2 min

Book review: Jokes And The Unconscious

Startling comedy rising from the depths of tragedy

What happens when you put performance poet Daphne Gottlieb and Hothead Paisan-creator Diane DiMassa in a room together? Mind-blowing punkrock lit. When they collaborate on a graphic novel like Jokes And The Unconscious, the result is a startling mixture of words and visuals, a disarming, honest look at love and loss.

Jokes And The Unconscious is named for Sigmund Freud’s 1905 tome Jokes And Their Relation To The Unconscious in which he analyzes the human need for comic relief. Throughout their book, Gottlieb and DiMassa tells jokes that are sometimes funny, often offensive or corny, and always strangely necessary. Their off-colour humour runs like a lifeline beneath the tragedies of life.

Sasha, a young college student, has a summer job at the hospital where her recently deceased father used to work. Ironically, her oncologist father died of cancer. But he made sure his daughter was employed before he went. Sasha has to deal with her grief while working in patient billing, a depressing and boring job that entails getting signatures and informing people about the high costs of healthcare.

To pass the time, Sasha looks up everyone she has ever known on the hospital computer, uncovering sometimes shocking information. A friend has been bashed but never told her, an old boyfriend has penile warts, a kid she used to play with has epilepsy. Also shocking are the things she learns about hospitals: insurance doesn’t apply to failed suicides; mentally challenged patients get physically restrained; everyone loses their identity in those little green gowns.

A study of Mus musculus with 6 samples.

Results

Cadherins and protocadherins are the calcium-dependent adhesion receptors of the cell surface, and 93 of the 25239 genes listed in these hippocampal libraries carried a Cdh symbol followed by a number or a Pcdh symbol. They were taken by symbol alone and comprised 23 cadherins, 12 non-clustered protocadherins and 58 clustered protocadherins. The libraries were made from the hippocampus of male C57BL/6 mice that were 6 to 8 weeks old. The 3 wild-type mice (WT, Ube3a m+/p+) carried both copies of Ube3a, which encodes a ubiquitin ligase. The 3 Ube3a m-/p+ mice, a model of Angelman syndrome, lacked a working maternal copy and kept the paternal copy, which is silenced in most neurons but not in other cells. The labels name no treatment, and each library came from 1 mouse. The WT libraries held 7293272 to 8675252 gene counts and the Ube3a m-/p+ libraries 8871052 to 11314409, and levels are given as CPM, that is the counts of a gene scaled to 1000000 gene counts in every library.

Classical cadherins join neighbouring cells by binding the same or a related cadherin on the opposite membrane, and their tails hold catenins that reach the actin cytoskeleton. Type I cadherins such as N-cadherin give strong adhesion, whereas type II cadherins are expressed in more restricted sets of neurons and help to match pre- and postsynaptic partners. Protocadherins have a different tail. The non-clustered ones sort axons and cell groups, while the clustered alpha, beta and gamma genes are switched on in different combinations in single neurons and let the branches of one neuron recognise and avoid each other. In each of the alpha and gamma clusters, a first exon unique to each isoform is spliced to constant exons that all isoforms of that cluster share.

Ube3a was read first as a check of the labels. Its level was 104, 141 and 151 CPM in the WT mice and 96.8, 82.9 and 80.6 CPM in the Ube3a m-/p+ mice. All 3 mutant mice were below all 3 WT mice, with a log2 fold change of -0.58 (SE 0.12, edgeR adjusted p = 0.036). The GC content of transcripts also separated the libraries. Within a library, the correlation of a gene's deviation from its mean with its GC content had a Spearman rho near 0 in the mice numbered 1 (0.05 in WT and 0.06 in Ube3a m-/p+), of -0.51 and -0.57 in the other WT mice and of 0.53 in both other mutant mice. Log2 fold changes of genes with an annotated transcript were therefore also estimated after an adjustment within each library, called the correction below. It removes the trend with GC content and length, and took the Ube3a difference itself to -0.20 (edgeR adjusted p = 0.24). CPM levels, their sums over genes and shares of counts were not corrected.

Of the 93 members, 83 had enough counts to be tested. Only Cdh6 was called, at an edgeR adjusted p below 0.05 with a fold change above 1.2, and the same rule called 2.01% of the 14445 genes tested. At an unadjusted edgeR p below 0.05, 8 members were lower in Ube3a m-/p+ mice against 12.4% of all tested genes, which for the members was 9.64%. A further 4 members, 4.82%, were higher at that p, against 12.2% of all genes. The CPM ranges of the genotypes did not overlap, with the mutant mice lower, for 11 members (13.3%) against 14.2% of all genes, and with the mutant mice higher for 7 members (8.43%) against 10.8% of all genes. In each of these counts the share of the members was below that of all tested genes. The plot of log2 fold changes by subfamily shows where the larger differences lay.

Despite the daily horrors, Sasha is falling in love with Jet, an adorable skater girl. The harshness of the hospital is balanced by the tenderness between the two women, and the hot, healing sex they have in Sasha’s apartment.

Jokes And The Unconscious delves into the complexities of love and the difficult losses of complicated relationships. Neither Gottlieb nor DiMassa are afraid of looking at the ugly — in others, in the world and in themselves. How do you grieve for someone you’re furious with? How do you live with your own apathy? How do you forgive others and yourself, then move on?

Gottlieb writes searing poetic monologues and brings her characters to life with dialogue that rings true. She’s a mesmerizing writer who finds meaning in the mundane without slipping into the maudlin. A simple thought on a plane, “This is what it feels like to put your seat back into the upright position without a father,” haunts the reader in a way that no typical breakdown scene could.

DiMassa’s illustrations are a perfect complement to Gottlieb’s words. She captures pain in a striking and surreal way, embracing the primal and depicting people like the wild animals we sometimes are. As always, she portrays women at their fiercest, sexiest and nastiest. She also adds a touch of humour to the hospital, with such scenes as a William Tell victim in the waiting room with an apple still on his head and an arrow through his eye.

Together, Gottlieb and DiMassa capture the absurdity of both life and death, and take their readers on a hilarious and unforgettable journey into our own vulnerability. Let’s hope this isn’t their last collaboration.